Yahoo has had the unfortunate pleasure of disclosing to the public that more than one billion accounts may have been breached as part of the company being victim to latest cyber-attack.
The beleaguered company has already had to suffer the humiliation of letting the world know that around 500 million accounts were accessed without permission during September of 2014. This latest reveal occurred a year previous to that, in August 2013, with Yahoo also confirming that it’s unable to identify how the attackers were able to get access to the accounts.
The official statement from Yahoo came after markets closed on Wednesday, and not only highlighted that the attack had occurred, but also went into additional detail on the type of data that may have been taken as part of the hack. The statement claimed that the malicious individuals may have gotten access to names, email addresses, telephone numbers and hashed passwords associated with an account. The company also believes that a number of encrypted and unencrypted security questions may have been obtained.
The hack and ability to gain unauthorized access to the systems will definitely be of huge concern for anyone with a Yahoo account, but there is some relatively softening news in the fact that Yahoo believes that no bank account information or payment data was obtained by the hackers. The company has ensured that all stolen data in an unencrypted manner has been invalidated, and is therefore of no real use to the hackers.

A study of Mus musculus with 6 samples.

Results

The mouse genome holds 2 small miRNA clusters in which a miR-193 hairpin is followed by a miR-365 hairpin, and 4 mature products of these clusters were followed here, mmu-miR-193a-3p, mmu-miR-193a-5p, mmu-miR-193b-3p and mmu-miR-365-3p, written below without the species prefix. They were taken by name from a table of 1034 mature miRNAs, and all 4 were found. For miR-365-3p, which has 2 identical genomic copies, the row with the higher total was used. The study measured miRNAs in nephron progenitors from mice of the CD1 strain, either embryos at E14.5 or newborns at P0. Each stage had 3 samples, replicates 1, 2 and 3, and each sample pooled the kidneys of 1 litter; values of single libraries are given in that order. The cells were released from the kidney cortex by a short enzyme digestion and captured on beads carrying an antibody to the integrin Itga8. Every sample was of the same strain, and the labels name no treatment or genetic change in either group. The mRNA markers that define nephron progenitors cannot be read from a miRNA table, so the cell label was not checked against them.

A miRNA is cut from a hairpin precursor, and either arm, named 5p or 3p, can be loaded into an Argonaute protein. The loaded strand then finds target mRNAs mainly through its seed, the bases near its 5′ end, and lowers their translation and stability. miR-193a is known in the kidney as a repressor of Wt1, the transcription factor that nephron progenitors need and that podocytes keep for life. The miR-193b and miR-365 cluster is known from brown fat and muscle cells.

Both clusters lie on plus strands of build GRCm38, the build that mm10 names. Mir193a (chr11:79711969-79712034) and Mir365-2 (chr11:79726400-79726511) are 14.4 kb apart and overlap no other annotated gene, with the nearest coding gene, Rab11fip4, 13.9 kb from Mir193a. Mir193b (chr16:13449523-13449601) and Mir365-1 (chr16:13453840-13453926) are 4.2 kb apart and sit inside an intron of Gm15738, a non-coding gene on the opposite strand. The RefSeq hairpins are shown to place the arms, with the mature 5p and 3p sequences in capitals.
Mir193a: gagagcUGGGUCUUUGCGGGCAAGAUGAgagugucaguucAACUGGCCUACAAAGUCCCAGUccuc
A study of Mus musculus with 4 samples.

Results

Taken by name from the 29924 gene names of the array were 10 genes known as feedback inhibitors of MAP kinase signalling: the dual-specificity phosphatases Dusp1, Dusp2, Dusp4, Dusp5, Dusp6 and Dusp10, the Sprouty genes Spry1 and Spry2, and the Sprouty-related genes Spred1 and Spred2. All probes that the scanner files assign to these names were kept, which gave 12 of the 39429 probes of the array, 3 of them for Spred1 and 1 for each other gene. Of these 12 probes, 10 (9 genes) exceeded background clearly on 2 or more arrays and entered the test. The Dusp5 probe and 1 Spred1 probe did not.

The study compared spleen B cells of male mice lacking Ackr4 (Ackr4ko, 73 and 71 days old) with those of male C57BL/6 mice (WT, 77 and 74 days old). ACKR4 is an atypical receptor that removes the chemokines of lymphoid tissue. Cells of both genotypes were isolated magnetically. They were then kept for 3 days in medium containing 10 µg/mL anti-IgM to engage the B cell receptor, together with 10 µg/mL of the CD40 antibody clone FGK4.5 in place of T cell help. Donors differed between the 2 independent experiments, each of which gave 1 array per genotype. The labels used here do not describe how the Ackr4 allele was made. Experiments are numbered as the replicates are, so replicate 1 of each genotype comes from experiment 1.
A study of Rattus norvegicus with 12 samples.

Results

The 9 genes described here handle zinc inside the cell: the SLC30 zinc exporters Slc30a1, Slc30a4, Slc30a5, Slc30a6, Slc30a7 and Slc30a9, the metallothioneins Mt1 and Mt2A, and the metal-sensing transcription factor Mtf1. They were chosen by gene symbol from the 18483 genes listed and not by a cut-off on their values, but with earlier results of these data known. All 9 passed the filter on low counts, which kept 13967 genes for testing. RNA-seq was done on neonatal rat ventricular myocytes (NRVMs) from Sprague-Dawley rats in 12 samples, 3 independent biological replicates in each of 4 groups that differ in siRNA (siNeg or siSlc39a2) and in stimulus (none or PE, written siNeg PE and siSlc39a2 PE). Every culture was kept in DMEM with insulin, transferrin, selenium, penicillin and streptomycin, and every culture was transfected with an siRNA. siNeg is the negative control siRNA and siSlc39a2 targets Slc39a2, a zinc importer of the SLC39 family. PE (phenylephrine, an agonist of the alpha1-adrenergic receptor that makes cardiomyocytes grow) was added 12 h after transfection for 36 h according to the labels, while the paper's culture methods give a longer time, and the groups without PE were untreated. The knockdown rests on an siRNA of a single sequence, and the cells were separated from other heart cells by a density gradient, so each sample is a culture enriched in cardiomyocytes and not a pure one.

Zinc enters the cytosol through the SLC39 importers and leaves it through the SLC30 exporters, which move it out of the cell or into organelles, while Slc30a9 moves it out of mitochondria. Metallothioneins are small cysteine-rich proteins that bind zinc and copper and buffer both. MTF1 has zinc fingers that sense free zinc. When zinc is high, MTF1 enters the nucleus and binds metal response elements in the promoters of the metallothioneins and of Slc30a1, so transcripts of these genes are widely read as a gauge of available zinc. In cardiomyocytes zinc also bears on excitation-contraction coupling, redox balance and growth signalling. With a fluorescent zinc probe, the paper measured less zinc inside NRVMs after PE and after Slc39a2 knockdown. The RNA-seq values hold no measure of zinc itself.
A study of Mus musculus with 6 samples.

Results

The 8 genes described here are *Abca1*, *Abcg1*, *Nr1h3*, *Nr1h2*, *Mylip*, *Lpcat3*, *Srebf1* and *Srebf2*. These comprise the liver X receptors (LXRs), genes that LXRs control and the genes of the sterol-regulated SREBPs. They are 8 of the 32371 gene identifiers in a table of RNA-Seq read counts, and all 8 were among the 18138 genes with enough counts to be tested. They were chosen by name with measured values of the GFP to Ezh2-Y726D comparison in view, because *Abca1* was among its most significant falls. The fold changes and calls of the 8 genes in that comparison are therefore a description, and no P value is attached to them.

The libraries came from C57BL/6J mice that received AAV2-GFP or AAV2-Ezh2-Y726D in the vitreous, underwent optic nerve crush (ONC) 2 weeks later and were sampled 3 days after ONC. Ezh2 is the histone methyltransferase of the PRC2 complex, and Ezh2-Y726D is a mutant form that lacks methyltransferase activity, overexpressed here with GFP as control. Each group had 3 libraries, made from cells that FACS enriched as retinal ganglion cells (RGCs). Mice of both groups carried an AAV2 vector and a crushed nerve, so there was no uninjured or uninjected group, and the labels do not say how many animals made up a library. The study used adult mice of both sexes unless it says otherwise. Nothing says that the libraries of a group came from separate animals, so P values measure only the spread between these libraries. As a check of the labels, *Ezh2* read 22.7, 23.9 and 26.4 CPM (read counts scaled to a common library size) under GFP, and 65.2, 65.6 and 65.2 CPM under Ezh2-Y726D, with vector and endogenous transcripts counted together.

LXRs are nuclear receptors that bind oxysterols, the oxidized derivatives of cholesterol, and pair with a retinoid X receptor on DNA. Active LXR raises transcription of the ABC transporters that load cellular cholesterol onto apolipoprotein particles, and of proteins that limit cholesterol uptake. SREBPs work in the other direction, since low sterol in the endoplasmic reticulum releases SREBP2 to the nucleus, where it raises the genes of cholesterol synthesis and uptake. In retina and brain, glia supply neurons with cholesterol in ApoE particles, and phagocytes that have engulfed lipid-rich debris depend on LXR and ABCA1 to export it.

However, it’s potentially the method of access that could be considered the most concerning. Yahoo believes that attackers may have stolen its secret source code, and therefore didn’t need a password to access accounts:
Separately, we previously disclosed that our outside forensic experts were investigating the creation of forged cookies that could allow an intruder to access users’ accounts without a password. Based on the ongoing investigation, we believe an unauthorized third party accessed our proprietary code to learn how to forge cookies. The outside forensic experts have identified user accounts for which they believe forged cookies were taken or used. We are notifying the affected account holders, and have invalidated the forged cookies.
Yahoo may have invalidated any unencrypted data and the forged cookies, but it’s an announcement that the firm could simply do without, given its current situation and the fact that it has taken more than two years to actually confirm and announce the breach.
If you are a Yahoo account holder, it’s likely you will have an email from the business confirming the breach and next steps. It’s prudent to listen to the information in that mail. In any case, we’ll highly recommend changing your password right now!